Jailhouse and schoolhouse: Education that gave me direction is doing the same for my inmates

As I walk through the Genesee County Jail in Flint, Michigan, the only sound I hear is a new one: the faint tick-tick-tick of computer keyboards. It is the sound of a better way of policing the incarcerated — one that offers an alternative to the violent confrontations that have too often stressed police-community relations.

Inmates in our county jail are among the latest to enroll in a new culture called IGNITE — Inmate Growth Naturally and Intentionally Through Education.

Instead of staring into the void of the crushing monotony of jail time, these men and women are quietly furthering their education. Their faces are buried in Chromebooks provided through the collaboration of the Mt. Morris Education and Community Center as they work to change the trajectory of their lives.

Some are working toward their high school diplomas or GEDs or taking vocational courses in plumbing, carpentry, welding and electrical. Still others are earning a national certification in food and beverage safety. 


Sheriff Chris Swanson (Photo: Genesee County Sheriff's Office)

I was saved by education.  

In high school, I knew I was going to become a cop. I would go to the police academy, join the force in Flint and spend my career helping my community. I had no interest in higher education and I had no idea, at the time, how extensive my work for the community would become. 

My plan took a turn when a police officer I admired told me to go to college instead. The education would put me ahead of where he was — working as a cop, late in his career trying to support a family and going to school full time in order to move up in the ranks. 

So I did. Not only did I earn an associate’s degree (I had been given a scholarship from the county police association to go to community college), I moved on to earn a bachelor’s degree and a master’s. Earning an education matured me (something that’s missing in many officers today), gave me patience and made me a better police officer.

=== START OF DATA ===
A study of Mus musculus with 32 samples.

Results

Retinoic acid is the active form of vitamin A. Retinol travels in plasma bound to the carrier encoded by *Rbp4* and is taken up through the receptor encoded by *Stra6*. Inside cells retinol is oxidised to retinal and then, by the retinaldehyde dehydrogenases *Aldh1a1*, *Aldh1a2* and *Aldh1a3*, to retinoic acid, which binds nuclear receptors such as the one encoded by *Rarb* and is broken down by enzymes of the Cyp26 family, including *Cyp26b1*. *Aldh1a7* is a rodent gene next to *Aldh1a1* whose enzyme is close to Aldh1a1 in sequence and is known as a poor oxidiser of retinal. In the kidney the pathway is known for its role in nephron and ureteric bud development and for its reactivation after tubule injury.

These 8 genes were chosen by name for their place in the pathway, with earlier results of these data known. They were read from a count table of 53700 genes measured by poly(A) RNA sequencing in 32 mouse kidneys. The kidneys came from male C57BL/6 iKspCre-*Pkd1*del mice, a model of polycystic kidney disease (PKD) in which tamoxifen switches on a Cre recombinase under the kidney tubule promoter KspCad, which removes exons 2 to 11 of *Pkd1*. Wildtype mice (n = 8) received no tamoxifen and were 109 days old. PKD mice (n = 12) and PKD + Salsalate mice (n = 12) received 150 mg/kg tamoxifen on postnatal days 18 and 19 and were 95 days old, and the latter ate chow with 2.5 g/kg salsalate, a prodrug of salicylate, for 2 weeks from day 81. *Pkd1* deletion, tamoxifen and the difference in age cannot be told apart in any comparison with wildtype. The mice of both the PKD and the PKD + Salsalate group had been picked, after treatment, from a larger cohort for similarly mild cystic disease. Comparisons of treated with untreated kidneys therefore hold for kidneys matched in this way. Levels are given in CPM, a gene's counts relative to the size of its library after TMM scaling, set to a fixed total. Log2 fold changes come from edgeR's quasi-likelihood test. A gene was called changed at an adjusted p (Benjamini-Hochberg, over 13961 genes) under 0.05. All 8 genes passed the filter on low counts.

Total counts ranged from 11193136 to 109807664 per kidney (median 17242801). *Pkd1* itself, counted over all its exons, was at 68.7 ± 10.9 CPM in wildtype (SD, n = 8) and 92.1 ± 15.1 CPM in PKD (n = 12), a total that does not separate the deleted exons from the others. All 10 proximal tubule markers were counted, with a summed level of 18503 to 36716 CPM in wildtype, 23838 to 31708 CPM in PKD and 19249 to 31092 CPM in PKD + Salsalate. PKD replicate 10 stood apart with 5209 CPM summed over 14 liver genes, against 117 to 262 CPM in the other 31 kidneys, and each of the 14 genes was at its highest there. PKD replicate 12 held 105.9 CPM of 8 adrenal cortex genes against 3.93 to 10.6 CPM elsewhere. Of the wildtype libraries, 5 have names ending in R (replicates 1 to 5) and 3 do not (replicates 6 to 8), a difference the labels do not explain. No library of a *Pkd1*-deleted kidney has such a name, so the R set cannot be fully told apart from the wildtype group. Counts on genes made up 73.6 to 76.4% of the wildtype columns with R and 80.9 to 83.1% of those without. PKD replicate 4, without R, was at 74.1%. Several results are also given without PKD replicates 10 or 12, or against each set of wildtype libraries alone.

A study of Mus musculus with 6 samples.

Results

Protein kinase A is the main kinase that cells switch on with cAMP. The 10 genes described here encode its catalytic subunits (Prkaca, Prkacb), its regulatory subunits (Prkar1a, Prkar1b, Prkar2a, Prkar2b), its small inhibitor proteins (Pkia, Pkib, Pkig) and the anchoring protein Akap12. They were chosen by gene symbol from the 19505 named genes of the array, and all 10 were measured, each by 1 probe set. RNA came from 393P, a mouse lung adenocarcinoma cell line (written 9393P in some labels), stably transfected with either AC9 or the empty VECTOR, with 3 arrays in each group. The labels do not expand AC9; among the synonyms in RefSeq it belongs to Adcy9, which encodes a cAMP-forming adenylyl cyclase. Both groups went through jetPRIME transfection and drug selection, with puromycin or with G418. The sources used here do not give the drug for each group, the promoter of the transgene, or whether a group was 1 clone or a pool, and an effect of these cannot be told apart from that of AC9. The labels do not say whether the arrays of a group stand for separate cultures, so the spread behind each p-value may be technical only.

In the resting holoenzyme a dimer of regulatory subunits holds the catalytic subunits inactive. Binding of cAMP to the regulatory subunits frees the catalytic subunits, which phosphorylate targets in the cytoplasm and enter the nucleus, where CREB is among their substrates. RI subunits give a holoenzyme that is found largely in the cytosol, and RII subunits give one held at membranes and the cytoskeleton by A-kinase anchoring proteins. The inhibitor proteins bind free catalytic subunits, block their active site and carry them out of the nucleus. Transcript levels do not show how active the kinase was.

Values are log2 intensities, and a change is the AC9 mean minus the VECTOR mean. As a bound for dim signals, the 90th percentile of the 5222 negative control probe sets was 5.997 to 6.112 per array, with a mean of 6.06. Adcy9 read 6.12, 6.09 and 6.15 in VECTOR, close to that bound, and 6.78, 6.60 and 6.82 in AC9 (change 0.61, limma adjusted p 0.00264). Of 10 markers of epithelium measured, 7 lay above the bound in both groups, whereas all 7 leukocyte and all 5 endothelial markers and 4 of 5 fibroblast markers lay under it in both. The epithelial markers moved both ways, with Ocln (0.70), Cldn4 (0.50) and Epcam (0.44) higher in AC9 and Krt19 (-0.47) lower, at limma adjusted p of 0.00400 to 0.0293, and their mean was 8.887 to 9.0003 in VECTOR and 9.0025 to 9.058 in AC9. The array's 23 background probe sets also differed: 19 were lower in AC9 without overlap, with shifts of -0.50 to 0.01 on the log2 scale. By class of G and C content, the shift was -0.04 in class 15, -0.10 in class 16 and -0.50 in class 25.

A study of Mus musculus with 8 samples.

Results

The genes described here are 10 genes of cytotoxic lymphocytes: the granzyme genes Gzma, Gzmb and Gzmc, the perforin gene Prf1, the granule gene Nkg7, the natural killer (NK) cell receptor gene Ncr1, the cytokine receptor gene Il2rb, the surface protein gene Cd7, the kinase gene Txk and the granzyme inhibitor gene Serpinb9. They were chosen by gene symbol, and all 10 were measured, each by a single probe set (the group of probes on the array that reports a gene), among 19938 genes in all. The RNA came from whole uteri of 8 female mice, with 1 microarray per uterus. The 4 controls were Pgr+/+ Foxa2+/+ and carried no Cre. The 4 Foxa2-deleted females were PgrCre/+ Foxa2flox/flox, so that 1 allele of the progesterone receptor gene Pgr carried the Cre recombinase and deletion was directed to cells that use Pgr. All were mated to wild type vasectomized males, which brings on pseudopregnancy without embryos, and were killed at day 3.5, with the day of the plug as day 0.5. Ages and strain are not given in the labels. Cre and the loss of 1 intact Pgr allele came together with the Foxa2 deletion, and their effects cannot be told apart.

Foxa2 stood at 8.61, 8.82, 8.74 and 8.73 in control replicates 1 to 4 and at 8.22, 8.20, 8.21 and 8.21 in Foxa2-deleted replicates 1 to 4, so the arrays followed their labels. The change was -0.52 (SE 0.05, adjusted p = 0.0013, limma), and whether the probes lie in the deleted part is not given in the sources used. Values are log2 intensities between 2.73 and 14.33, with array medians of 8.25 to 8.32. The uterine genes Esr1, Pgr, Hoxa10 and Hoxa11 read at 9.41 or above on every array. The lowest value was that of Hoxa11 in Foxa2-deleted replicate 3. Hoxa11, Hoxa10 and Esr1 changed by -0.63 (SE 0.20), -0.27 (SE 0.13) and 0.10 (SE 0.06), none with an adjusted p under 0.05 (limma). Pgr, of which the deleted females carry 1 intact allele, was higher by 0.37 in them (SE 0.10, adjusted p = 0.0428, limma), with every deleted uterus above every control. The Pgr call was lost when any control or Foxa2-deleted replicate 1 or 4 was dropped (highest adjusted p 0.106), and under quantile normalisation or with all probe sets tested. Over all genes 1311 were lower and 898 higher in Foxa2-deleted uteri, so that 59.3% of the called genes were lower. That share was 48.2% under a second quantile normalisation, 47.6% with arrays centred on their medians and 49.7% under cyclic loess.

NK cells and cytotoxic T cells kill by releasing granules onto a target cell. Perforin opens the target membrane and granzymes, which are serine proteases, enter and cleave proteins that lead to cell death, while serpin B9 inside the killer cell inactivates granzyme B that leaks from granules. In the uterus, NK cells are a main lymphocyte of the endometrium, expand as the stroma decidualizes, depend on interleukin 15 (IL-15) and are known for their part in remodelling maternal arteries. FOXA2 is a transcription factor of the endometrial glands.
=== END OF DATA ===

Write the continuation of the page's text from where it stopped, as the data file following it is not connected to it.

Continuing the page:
I had written my master’s thesis on crime prevention. I learned that the No. 1 thing that reduces crime is people valuing their lives and getting educated.    

Schooling that had given me direction is now doing the same for my inmates. In September, we worked with the Mt. Morris Education and Community Center curriculum to essentially turn jail into an opportunity for lives to take a turn through more education. 

Though I had earned my master’s years before, the data still backed me up: A 2016 Rand Corp. study determined that incarcerated individuals who get an education while in prison are up to 43% less likely to return. 

After they leave Genesee County Jail, returning citizens can continue taking courses, free of charge, at a facility that we officially opened this week. All former inmates, no matter what state they are from, or when their incarceration ended, can take classes. We charge no one.   

Our goal is to make better people, not better inmates.  

Since its public launch, the program has enrolled hundreds of students who have completed more than 19,000 hours of coursework and participated in more than 700 standardized tests. Reading comprehension and math skills have improved. In addition, 60% of those who have taken the GED have passed.


The program has attracted the commitment of the Detroit Chapter of the National Football League Alumni and the Detroit Red Wings Alumni Association, both of which have sponsored scholarships for graduates to continue their education upon release.

Inmates at Lakeland Correctional Facility in Coldwater, Michigan — located about two hours from Flint — pooled their resources and donated $2,000 from their personal commissary accounts to the program.

IGNITE is just one part of my approach to improving police-community relations.

Last year, when protesters marched in Flint against police brutality and in memory of George Floyd, I decided to make it a parade, not a protest.


In a city whose most recent national headlines have focused on poisoned water, violent crime and poverty, we are building a new model of what policing can be.  

That is the commitment of my office, inside the walls of the Genesee County Jail. 

Chris Swanson is sheriff of Genesee County (Flint), Michigan.